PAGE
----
An agreement on what is described as the world’s first law on how to handle artificial intelligence has after days of delayed discussions been reached between the EU Parliament and EU governments in the European Council. The law includes safeguards agreed on future developments of general purpose artificial intelligence that has been a security focus in discussions after the turbulence around AI-development company OpenAI. The law includes limitations for use of biometric identification systems by police and courts. Violation of the law can result in fines ranging from 35 million Euros, or 7% of global turnover, to 7.5 million, or 1.5% of turnover. The law is not expected to be implemented before 2025.

The law includes bans on social scoring and AI used to manipulate or exploit user vulnerabilities. The Parliament in a statement described the agreement as a political deal “on a bill to ensure AI in Europe is safe, respects fundamental rights and democracy, while businesses can thrive and expand”.

“This regulation aims to ensure that fundamental rights, democracy, the rule of law and environmental sustainability are protected from high risk AI, while boosting innovation and making Europe a leader in the field. The rules establish obligations for AI based on its potential risks and level of impact.”

EU Commission president, Ursula von der Leyen said “the EU’s AI Act is the first-ever comprehensive legal framework on Artificial Intelligence worldwide. So, this is a historic moment. The AI Act transposes European values to a new era.”

“Until the Act will be fully applicable, we will support businesses and developers to anticipate the new rules. Around 100 companies have already expressed their interest to join our AI Pact, by which they would commit on a voluntary basis to implement key obligations of the Act ahead of the legal deadline.”


  • biometric categorisation systems that use sensitive characteristics (e.g. political, religious, philosophical beliefs, sexual orientation, race);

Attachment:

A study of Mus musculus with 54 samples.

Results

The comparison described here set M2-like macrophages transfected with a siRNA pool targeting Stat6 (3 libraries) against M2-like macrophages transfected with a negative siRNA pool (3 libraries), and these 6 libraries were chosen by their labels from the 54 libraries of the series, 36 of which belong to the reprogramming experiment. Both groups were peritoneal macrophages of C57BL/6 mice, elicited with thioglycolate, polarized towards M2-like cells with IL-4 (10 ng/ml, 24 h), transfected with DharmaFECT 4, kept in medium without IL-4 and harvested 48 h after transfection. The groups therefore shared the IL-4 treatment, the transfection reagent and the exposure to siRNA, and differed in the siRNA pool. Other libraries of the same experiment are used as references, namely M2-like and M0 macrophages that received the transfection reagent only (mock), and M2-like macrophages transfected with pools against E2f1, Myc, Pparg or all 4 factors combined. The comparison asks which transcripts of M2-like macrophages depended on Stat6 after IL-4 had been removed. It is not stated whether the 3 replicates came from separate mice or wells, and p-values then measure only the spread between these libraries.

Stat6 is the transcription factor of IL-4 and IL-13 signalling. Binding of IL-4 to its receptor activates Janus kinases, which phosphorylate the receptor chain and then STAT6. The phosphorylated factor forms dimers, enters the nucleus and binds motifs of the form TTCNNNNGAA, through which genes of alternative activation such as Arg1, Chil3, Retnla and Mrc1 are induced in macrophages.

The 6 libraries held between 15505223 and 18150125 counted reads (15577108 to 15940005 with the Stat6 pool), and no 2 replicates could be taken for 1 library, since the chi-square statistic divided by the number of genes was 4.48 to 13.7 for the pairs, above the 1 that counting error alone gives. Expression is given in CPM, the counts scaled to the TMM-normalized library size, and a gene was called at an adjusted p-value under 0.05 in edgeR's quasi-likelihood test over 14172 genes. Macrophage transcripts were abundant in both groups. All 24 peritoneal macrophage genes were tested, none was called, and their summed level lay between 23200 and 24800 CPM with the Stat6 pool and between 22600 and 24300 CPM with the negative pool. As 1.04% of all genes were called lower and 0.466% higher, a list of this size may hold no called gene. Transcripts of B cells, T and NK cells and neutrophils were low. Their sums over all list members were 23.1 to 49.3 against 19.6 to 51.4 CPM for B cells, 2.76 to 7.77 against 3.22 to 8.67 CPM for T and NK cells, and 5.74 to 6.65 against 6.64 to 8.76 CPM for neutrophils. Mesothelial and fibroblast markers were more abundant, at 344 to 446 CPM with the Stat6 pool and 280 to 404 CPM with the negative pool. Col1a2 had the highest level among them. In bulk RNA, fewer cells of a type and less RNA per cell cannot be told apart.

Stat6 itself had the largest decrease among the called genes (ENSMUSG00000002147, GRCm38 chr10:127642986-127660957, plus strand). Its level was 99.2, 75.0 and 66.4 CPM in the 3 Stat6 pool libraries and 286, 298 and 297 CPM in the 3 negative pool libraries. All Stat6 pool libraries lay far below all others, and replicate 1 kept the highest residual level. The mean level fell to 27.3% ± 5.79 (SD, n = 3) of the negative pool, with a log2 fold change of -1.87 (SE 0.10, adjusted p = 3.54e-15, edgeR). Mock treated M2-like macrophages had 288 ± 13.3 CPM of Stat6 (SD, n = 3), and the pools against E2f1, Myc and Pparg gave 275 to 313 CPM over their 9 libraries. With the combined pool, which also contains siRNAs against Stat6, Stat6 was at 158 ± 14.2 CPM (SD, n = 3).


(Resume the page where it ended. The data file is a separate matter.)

• untargeted scraping of facial images from the internet or CCTV footage to create facial recognition databases;
  • emotion recognition in the workplace and educational institutions;
  • social scoring based on social behaviour or personal characteristics;
  • AI systems that manipulate human behaviour to circumvent their free will;
  • AI used to exploit the vulnerabilities of people (due to their age, disability, social or economic situation).

Negotiators agreed on rules for the controversial use of biometric identification systems (RBI) in public spaces for law enforcement purposes, subject to prior judicial authorisation and for strictly defined lists of crime. “Post-remote” RBI would be used strictly in the targeted search of a person convicted or suspected of having committed a serious crime.

“Real-time” RBI would comply with strict conditions and its use would be limited in time and location, for the purposes of:

  • targeted searches of victims (abduction, trafficking, sexual exploitation),
  • prevention of a specific and present terrorist threat, or
  • the localisation or identification of a person suspected of having committed one of the specific crimes mentioned in the regulation (e.g. terrorism, trafficking, sexual exploitation, murder, kidnapping, rape, armed robbery, participation in a criminal organisation, environmental crime).

For AI systems classified as high-risk (due to their significant potential harm to health, safety, fundamental rights, environment, democracy and the rule of law), obligations were agreed. The Parliament says that “MEPs successfully managed to include a mandatory fundamental rights impact assessment, among other requirements, applicable also to the insurance and banking sectors.” 


To account for the wide range of tasks AI systems can accomplish and the quick expansion of its capabilities, it was agreed that general-purpose AI (GPAI) systems, and the GPAI models they are based on, will have to adhere to transparency requirements. These include drawing up technical documentation, complying with EU copyright law and disseminating detailed summaries about the content used for training.

High-impact GPAI models with systemic risk that meet certain criteria will have to include model evaluations, assess and mitigate systemic risks, conduct adversarial testing, report to the Commission on serious incidents, ensure cybersecurity and report on their energy efficiency. Until harmonised EU standards are published, GPAIs with systemic risk may rely on codes of practice to comply with the regulation.

The agreement promotes so-called regulatory sandboxes and real-world-testing, established by national authorities to develop and train innovative AI before placement on the market.

The agreed text will now have to be formally adopted by both Parliament and Council to become EU law.